Royals have no interest in platooning Mike Moustakas


As Pete Grathoff of the Kansas City Star writes, the Royals still view Moustakas as a full-time starter at third base.

“Mike Moustakas is our everyday third baseman,” Royals general manager Dayton Moore said. “It just gives us more depth, and our job as a baseball operations staff is that Ned (Yost) and the coaching staff have as much depth as possible and are in a position to match up as they see fit on any given night.”

Moustakas is just 25 years old and isn’t eligible for free agency until after the 2017 season, so the Royals certainly have some incentive to let Moustakas continue to learn and grow as a player. At the same time, they are also trying to compete in 2014 to end a 28-year playoff drought, currently the longest drought among all 30 Major League teams. They finished at 86-76 last season, their first season above .500 since 2003, but still finished in third place, seven games out of first. Squeezing out small advantages where possible could mean the difference between playing meaningful baseball in October or scheduling a golf outing.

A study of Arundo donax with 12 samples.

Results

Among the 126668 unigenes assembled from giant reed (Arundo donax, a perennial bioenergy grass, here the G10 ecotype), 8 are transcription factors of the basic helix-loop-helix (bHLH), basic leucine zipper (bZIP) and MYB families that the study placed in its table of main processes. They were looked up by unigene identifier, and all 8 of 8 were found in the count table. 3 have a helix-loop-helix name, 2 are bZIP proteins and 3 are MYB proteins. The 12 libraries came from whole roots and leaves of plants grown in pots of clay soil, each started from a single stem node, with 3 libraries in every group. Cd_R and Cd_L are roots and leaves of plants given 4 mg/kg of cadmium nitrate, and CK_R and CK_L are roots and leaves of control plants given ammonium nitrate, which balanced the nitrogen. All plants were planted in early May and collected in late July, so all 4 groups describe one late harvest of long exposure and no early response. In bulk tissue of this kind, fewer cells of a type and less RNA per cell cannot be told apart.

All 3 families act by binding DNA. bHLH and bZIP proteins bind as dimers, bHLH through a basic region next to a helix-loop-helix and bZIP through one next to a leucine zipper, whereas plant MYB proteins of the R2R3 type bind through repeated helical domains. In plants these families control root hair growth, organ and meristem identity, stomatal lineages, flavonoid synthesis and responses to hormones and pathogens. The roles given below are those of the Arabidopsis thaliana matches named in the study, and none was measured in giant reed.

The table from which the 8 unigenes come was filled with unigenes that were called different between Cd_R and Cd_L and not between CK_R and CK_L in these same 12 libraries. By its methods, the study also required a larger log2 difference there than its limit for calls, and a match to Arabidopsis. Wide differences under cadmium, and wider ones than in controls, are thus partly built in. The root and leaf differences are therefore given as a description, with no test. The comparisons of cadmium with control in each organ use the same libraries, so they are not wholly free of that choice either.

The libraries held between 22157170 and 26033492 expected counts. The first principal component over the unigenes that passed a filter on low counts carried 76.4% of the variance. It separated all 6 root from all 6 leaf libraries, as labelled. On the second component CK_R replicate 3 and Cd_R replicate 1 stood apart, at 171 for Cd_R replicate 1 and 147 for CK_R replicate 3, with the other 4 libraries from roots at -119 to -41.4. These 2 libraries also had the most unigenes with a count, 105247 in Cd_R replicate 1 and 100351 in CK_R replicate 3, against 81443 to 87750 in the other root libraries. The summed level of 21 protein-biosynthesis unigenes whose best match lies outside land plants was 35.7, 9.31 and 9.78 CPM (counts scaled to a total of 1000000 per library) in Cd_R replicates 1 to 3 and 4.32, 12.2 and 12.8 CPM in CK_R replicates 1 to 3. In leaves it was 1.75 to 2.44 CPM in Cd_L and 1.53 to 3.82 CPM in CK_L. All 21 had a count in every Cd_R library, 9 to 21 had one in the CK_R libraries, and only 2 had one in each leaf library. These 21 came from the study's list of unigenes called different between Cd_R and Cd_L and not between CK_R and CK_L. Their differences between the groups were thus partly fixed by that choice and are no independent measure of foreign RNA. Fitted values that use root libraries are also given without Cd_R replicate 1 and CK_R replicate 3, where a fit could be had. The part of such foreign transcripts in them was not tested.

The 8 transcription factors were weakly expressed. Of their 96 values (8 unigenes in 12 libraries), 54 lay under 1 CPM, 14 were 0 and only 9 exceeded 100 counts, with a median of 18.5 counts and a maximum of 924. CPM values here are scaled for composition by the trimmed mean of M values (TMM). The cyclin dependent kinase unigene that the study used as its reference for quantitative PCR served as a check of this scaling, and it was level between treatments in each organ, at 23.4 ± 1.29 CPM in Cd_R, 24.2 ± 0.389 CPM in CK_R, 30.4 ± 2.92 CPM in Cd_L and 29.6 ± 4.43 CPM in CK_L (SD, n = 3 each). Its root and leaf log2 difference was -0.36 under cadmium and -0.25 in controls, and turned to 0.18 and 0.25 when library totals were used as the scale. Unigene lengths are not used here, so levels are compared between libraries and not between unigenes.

Report: MLB likely to unilaterally implement pace of play changes


Manfred said, “My preferred path is a negotiated agreement with the players. But if we can’t get an agreement, we are going to have rule changes in 2018, one way or the other.”

The players have made several suggestions aimed at reducing the length of games, such as amending replay review rules, strictly monitoring down time between innings, and bringing back bullpen carts.

It is believed that MLB is proposing a pitch clock of 20 seconds. If a pitcher takes too long between pitches, he will have a ball added to the count. If the hitter takes too long, then he will have a strike added to the count.